Entertainment

Netflix's 'The Haunting of Bly Manor' Is the Saddest Ghost Story Ever

Mike Flanagan's horror has always been entwined with grief.

bly manor dani
Netflix

When you think about it, there are very few advantages to being a ghost. You can walk through walls, sure, and appear in doorways out of nowhere, and invisibly move objects around a room, and… that's kind of it. You can pass the time scaring people, but what if the people you're scaring are loved ones, or perfectly nice strangers? Being a ghost, when you get down to it, watching the seasons pass and the living grow older while you're stuck in time, trapped in the place you died, is, simply, quite sad. 

The Haunting of Hill House, which debuted on Netflix in 2018 and was directed by horror auteur Mike Flanagan, unearthed the roots of a family's trauma using the very spirits that haunted them as children, living in a mansion that was like flypaper for people's souls. Compared to that season, the latest installment of what has become an anthology show, The Haunting of Bly Manor, is barely frightening at all -- but that's far from a criticism. There are plenty of ghosts in this season, more than you may think after the first few episodes, but the show spends less time on crafting its (very effective) scares, and more on exploring what force could possibly be powerful enough to turn a dead person into a ghost. Death is a tragedy; a soul unable to move on even more so. 

Bly Manor is based, this time, on Henry James' gothic mystery novel The Turn of the Screw, in which a governess, hired on at a wealthy family's estate, comes to believe that her two young charges are being possessed by the ghosts of two lovers who had died on the grounds before she arrived. Where James' novel is pointedly obtuse when it comes to whether the governess is right about there being ghosts or not, this adaptation is much more direct. There are, indeed, ghosts at Bly, including those of a man and a woman who were in love before they died, but there's a lot more to the story than that. 

Dani Clayton (Victoria Pedretti, returning along with a few other cast members from Hill House), a sweet, if a little high-strung, young woman enters the employ of Henry Wingrave (Henry Thomas), a wealthy uncle to two precocious children in need of schooling. Their parents tragically died in a car accident months earlier, and the boy, Miles (Benjamin Evan Ainsworth), was kicked out of his boarding school for vaguely violent misbehavior. Dani finds the house staff, including housekeeper Hannah Grose (T'Nia Miller), and cook Owen (Rahul Kohli), kind enough, and strikes up a friendship with the estate's gruff gardener Jamie (Amelia Eve). Miles and his sister Flora (Amelie Bea Smith) seem sweet enough ("perfectly splendid" as Flora would put it), but Flora does seem oddly focused on the little dolls she's housed in her dollhouse, including one that resembles a dark-haired lady with no face. Dani, meanwhile, sees a tall, dark specter with a pair of glowing glasses every time she looks in a mirror.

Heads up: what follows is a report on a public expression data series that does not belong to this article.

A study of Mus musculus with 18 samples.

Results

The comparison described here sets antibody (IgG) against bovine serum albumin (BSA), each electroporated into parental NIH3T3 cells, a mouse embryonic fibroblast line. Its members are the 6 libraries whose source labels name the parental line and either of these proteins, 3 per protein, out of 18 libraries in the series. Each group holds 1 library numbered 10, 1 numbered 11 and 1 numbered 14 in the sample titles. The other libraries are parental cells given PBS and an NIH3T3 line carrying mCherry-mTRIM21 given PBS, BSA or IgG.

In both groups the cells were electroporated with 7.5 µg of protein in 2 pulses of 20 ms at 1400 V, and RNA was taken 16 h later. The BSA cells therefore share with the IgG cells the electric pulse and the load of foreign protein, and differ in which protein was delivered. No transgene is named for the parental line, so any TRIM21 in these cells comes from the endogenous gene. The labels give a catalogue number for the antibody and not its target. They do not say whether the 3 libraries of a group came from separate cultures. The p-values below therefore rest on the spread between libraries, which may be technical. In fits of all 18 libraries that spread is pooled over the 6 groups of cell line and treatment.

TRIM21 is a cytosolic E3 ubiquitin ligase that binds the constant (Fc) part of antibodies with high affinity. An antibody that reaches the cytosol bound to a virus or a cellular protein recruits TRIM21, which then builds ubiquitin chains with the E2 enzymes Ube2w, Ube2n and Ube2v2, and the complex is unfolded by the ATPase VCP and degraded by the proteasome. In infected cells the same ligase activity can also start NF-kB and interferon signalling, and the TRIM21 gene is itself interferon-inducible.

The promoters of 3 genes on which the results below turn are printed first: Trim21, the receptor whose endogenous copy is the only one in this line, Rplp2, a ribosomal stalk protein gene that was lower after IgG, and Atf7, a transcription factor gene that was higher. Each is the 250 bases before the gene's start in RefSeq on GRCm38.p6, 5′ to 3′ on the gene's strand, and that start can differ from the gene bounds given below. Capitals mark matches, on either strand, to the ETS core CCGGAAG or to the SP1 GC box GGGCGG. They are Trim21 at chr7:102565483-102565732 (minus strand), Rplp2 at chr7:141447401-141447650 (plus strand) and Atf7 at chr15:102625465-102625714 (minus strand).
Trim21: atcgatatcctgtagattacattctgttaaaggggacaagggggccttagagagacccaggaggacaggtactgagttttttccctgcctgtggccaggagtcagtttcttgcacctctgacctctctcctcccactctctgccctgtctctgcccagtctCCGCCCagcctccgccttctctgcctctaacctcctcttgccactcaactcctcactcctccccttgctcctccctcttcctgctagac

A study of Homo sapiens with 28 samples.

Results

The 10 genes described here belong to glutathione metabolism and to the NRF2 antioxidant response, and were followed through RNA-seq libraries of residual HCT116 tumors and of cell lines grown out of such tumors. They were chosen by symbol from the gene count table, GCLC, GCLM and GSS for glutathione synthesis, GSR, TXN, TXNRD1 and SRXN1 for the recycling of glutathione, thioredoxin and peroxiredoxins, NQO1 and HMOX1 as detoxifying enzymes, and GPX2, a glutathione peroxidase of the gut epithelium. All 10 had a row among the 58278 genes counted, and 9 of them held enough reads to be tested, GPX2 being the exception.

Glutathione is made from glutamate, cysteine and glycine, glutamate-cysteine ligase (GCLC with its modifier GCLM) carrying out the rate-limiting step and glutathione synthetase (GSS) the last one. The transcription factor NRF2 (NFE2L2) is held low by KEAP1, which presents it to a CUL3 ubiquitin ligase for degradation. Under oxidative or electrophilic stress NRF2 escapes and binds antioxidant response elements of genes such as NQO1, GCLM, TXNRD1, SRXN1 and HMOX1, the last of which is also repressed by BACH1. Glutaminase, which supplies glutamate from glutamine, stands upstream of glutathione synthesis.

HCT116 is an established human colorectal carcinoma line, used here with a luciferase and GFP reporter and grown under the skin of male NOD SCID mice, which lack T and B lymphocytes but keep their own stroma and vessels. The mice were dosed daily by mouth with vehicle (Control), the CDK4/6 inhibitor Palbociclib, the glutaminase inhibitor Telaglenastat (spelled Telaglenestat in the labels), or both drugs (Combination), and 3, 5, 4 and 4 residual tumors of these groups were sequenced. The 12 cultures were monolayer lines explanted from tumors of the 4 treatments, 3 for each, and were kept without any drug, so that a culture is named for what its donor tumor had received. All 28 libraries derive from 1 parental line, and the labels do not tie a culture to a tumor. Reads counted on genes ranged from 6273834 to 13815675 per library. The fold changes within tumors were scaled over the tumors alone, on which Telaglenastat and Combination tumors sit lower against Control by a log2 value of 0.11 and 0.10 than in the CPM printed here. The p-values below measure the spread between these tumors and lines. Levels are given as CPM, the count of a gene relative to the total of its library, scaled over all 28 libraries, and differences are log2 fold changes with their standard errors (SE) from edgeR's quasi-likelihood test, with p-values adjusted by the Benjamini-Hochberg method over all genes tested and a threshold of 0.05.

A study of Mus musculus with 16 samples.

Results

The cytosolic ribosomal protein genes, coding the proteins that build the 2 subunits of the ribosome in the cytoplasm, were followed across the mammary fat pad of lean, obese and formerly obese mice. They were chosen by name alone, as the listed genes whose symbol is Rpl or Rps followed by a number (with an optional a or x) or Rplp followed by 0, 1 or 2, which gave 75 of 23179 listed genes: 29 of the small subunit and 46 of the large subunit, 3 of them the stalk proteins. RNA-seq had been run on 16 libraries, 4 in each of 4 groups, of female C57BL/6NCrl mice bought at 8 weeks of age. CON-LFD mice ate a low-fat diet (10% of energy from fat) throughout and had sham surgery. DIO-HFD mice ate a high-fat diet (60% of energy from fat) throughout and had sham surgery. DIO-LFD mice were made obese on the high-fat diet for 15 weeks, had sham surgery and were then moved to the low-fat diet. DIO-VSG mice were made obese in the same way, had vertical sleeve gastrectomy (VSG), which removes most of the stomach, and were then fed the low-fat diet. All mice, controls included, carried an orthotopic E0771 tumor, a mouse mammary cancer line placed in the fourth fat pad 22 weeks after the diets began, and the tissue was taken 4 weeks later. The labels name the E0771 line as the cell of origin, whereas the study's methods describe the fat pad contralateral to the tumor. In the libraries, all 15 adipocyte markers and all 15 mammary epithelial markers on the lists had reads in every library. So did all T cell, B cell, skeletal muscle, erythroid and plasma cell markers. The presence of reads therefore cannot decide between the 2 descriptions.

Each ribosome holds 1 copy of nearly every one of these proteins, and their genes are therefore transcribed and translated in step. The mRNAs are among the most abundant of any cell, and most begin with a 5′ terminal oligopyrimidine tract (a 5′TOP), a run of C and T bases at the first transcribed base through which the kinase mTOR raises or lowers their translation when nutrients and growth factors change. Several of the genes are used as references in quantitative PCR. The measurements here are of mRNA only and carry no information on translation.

It's tough to explain just what this story does with its ghosts that makes it so original without spoiling most of the show, but, like all ghost stories, Bly Manor uses the supernatural to investigate the fears, desires, and hidden grief of the living. It's tough to even call Bly Manor a ghost story; it's somewhat more along the lines of how Edith Cushing, the heroine of Guillermo del Toro's gothic horror movie Crimson Peak, describes her work: "A story with a ghost in it." Though the show delves deep into the undead lives of its ghosts, too, digging up hidden revelations and episode-long expository background that rivals the shocking midseason episode of Hill House, in which the connection between one of the characters and her unwelcome spirit was revealed to be even closer than she could imagine. 

What sets Bly Manor apart from shows and movies like it is the remarkable empathy it has for its ghosts, some of which are nearly demonic in their distance from the humans they used to be, and others that are so close to the living they forget what they really are. It's hard, sometimes, for a ghost to accept that they're a ghost, profoundly cut off from the world of the living forever, which makes the ultimate realization that much more heartbreaking. The spirits of Bly Manor are, like the ghosts in any story, searching for something, some need to complete a final task they left undone when they were alive. To love, to be loved, and to be accepted by those around you are desires powerful enough to keep the dead clinging to a life just out of reach.